Take a sneak peek inside my studio and get all the tips and tricks I’ve learned about recording professional looking teaching videos easily and quickly!
Connecting with your students….
As teachers we all want to connect with our students- whether we get to see them in person or not. Creating short teaching videos is the perfect way to connect when we just can’t be together.
Making your own videos doesn’t have to be time consuming or even expensive. Take a tour through my own studio and see what I use to create professional looking videos on a shoestring budget.
Camera Options for Creating Teaching Videos….
I use a variety of camera for making videos. It’s always possible to make videos with the tech you already have.
I have three different video cameras that I own and use for different reasons! You most likely won’t need all three but you’l be able to see the pros and cons of each!
Recording distance learning videos with a smart phone….
I’ve been making videos through three different generations of iPhones, starting with my 5C. Smart phone video capability has grown by leaps and bounds since then- cell phone video quality is legit these days. If a cell phone is what you have available I recommend starting there.
If you record using a smart phone you need to buy cell phone mount. This flexible tripod type mount that screws to the side of the table allows your phone to hover over your work surface serving as a document camera. This thing is supremely flexible- I use mine on the daily!
Another advantage of recording with a cell phone is the amazing capabilities of the all the apps out there. I use the app Hyperlapse to record in super fast forward. This is a great way to give kids an overview of a project without stretching the video out time-wise. I use the app ColorStory as an easy way to apply filters, effects, and crop both videos and still photos. And, of course, there’s the iMovie app that will allow you to do some basic movie editing right on your phone.
Recording teaching videos with a DSLR….
I own a Canon EOS Rebel SL3 DSLR camera that I use for both recording videos and taking still pictures. While I do still use my phone for somethings I tend to grab this camera for longer, more involved teaching videos. I love that I can store videos on an SD card so I’m not always running out of space.
I have a lightweight aluminum tripod that allows me to record in either a vertical or horizontal way. I love this- it’s like a document camera set up at a fraction of the price. You cannot recreate the steadiness and adjustability of a tripod like this. Trust me- I’ve tried.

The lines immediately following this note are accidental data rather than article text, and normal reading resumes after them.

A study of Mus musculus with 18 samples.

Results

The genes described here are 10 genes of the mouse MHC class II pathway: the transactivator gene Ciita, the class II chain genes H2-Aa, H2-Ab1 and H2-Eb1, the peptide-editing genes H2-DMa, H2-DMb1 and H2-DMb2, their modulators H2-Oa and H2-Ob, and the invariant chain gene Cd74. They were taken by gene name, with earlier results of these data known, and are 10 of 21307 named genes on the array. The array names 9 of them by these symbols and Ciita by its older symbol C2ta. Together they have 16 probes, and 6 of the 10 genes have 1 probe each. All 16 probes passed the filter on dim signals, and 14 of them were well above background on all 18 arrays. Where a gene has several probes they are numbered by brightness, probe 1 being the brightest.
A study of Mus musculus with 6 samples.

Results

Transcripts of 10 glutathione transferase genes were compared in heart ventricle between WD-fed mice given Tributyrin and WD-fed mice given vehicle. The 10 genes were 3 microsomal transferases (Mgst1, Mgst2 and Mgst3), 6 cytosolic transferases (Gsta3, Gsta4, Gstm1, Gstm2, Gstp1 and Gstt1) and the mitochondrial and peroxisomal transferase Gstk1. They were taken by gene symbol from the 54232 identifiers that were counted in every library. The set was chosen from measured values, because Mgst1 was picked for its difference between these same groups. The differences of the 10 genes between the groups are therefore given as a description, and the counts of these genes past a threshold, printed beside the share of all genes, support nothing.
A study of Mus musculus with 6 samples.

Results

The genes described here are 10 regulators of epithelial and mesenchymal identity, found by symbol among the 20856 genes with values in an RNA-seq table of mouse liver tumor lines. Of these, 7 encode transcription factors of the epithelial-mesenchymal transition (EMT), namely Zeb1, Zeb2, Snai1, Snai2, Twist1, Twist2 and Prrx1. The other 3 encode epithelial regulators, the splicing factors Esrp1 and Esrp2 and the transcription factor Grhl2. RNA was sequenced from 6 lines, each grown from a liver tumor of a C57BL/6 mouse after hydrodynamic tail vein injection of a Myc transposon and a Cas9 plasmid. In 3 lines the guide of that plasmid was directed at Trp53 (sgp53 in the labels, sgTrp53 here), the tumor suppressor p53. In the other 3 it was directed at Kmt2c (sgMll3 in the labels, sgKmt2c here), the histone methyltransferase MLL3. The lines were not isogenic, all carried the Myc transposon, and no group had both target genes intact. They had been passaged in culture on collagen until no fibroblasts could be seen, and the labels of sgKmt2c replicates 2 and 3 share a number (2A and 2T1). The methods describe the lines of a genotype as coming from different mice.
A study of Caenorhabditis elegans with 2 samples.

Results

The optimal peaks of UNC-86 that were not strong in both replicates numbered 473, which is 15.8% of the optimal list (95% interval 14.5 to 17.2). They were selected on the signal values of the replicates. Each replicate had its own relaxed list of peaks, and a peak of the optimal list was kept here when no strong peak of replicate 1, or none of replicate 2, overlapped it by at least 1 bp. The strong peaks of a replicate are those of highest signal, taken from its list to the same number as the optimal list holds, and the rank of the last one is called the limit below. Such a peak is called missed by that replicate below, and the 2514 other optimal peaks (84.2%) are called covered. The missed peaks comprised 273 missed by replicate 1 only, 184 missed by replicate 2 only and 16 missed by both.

Recording educational videos with a webcam….
I use a Logitech C922x Webcam for all occasions when I need to record my laptop screen, myself, or any combination of those two! This inexpensive little camera perches on top of my laptop and uses the microphone from my laptop. The quality is pretty darn good for the price point.
When I need to record my screen I use a screen recorder called Screencast-O-Matic. There’s a free version and it’s super easy to launch a recorder and record yourself, your screen, or both at the same time.
Accessories That Make Filming Teaching Videos Easy…
Investing in a few accessories have made it so much easier to make videos when I have time!
Investing in video lights….
This set of two soft box lights makes it possible for me to film video and take pictures whenever I want. This means I can recreate the perfect lighting when I have time- even if it’s dark out! The ability to control the lighting is probably the single biggest improvement in my videos- even bigger than changing up my camera.
Box lights are a bit bulky. I’m not going to lie, they’re time consuming to take up and down. But, if you have the space for them- they’ll be nothing short of an amazing boost to your teaching videos.
If you’re recording yourself speaking, as opposed to your work surface, a smaller ring light will light you up and have a much smaller footprint.
Blocking out the clutter…
If you’re filming teaching videos in your own house it can be half the battle just to clear a spot to film. Make it easy on yourself and set up a little filming area that hides the mess. I use a backdrop stand and a simple white brick photo backdrop. It provides a totally neutral, simple backdrop that allows the focus to stay on my project, not what’s looming in the background. You could absolutely rig a stand to hold a backdrop. I just like this one because it’s super adjustable and fold up. It’s ease for the win in this case.
I’ve had a variety of colors and textures of these photo backdrops. I even use them on tabletops as a backdrop for videos I’m filming vertically. They’re inexpensive and a colorful way to mix up the look of your teaching videos!